Farmland values underpinned by appetite for commercial agriculture and environmental outcomes
National average farmland values are close to their 2014 peak, Savills’ latest analysis of the GB farmland market has found.
Supply, while constrained in a historic context, is up on the past two years at the half-year point.
The interest in commercial units of scale runs alongside the continued demand for land suitable for environmental schemes from corporate investors and environmentally focused buyers.
The average value of prime arable and grade 3 grassland across GB is now around £9,420 and £6,100 per acre respectively.
In England, prime arable outperformed market averages recording a three per cent rise during Q2 versus an average 2.6 per cent. In Wales lower grade livestock land increased by an average 10.8%.
Emily Norton, head of Savills rural research, commented: “The evidence of keen investor appetite for large holdings launched to the market earlier this year suggest upbeat market sentiment for commercial agriculture notwithstanding the Ukraine crisis and the environmental narrative of recent years.”
Twenty-one per cent of farmland advertised during H1 2022 are farms over 1,000 acres, with the 10-year average running at 11 per cent of all farmland advertised.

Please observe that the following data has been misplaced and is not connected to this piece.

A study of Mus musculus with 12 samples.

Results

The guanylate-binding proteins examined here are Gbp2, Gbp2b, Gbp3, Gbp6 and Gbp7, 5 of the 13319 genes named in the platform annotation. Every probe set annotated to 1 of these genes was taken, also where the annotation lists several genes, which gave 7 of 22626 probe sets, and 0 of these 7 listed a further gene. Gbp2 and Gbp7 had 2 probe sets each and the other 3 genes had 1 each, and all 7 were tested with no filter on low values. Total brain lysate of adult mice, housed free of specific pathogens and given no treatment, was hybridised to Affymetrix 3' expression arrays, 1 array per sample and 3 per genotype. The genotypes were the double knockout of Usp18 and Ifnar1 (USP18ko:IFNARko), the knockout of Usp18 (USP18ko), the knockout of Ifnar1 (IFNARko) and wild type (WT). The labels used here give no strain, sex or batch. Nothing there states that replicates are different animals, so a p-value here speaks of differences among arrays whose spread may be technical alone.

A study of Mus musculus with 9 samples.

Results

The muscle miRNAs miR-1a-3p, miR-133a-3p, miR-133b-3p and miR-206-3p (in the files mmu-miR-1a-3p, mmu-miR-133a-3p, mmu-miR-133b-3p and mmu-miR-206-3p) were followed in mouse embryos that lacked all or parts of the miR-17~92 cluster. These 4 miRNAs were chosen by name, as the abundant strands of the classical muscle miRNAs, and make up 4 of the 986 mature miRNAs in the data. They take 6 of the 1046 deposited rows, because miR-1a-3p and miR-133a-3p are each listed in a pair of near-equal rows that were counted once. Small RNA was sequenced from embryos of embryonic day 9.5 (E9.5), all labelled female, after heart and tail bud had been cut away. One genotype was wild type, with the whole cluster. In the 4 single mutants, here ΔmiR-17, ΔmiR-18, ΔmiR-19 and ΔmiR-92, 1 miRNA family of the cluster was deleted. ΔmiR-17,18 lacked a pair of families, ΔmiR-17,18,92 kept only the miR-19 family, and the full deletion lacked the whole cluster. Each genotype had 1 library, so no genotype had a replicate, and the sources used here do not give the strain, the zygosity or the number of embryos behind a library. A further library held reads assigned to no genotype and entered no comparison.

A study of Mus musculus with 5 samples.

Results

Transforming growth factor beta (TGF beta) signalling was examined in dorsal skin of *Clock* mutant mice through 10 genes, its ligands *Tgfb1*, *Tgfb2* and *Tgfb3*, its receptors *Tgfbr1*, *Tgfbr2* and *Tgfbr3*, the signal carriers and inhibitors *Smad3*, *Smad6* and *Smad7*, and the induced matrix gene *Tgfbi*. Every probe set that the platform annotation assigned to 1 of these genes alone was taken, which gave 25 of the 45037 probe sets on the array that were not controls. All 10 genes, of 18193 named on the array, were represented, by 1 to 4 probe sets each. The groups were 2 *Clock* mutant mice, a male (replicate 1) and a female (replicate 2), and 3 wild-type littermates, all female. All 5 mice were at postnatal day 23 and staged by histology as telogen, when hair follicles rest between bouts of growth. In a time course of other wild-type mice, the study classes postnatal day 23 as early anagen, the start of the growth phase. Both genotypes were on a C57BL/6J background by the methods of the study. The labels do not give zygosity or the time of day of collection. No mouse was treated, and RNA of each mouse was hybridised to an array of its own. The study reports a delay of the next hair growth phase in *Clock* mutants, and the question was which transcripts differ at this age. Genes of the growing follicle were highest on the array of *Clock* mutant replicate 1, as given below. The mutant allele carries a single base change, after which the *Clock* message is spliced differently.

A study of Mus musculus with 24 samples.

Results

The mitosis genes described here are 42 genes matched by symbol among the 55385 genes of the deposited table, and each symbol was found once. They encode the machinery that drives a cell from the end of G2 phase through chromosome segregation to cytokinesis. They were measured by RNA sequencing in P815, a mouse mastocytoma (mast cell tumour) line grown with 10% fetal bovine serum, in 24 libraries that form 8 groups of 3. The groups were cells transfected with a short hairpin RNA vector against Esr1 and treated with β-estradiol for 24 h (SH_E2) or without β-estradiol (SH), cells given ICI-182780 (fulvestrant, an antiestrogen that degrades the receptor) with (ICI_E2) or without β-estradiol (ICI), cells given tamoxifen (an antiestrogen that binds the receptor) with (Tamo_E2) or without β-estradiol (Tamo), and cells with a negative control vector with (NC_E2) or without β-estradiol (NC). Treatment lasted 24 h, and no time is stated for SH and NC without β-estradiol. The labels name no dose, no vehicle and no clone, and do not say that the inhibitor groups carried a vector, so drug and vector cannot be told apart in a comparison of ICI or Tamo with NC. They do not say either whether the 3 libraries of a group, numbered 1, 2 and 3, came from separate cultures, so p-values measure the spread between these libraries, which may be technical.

The largest of these units are both over 4,000 acres located in Cambridgeshire and the East Riding of Yorkshire.
In other English regions supply remains constrained and often sales that have come forward are due to retirements which have been accelerated due to the huge impact on the cost of and risk of production due to the Ukraine crisis.
Alex Lawson, head of Savills rural agency, added: “A key feature of the market so far is the range and scale of property types available this year.
“This has led to a spread of potential buyers.
“Some have no past exposure to the agricultural sector and are attracted by the relatively safe investment opportunities presented by farmland at a time of considerable economic uncertainty.
“Demand for smaller farms is at unprecedented levels with a growing pool of buyers frustrated by the lack of opportunities.”
Evelyn Channing, head of rural agency in Scotland, said: “Buyers remain keen to take golden opportunities to acquire additional acres or to relocate to more productive land notwithstanding the repercussions of the war in Ukraine and the position regarding future agricultural support in Scotland that leave farmers with many unknowns to navigate.”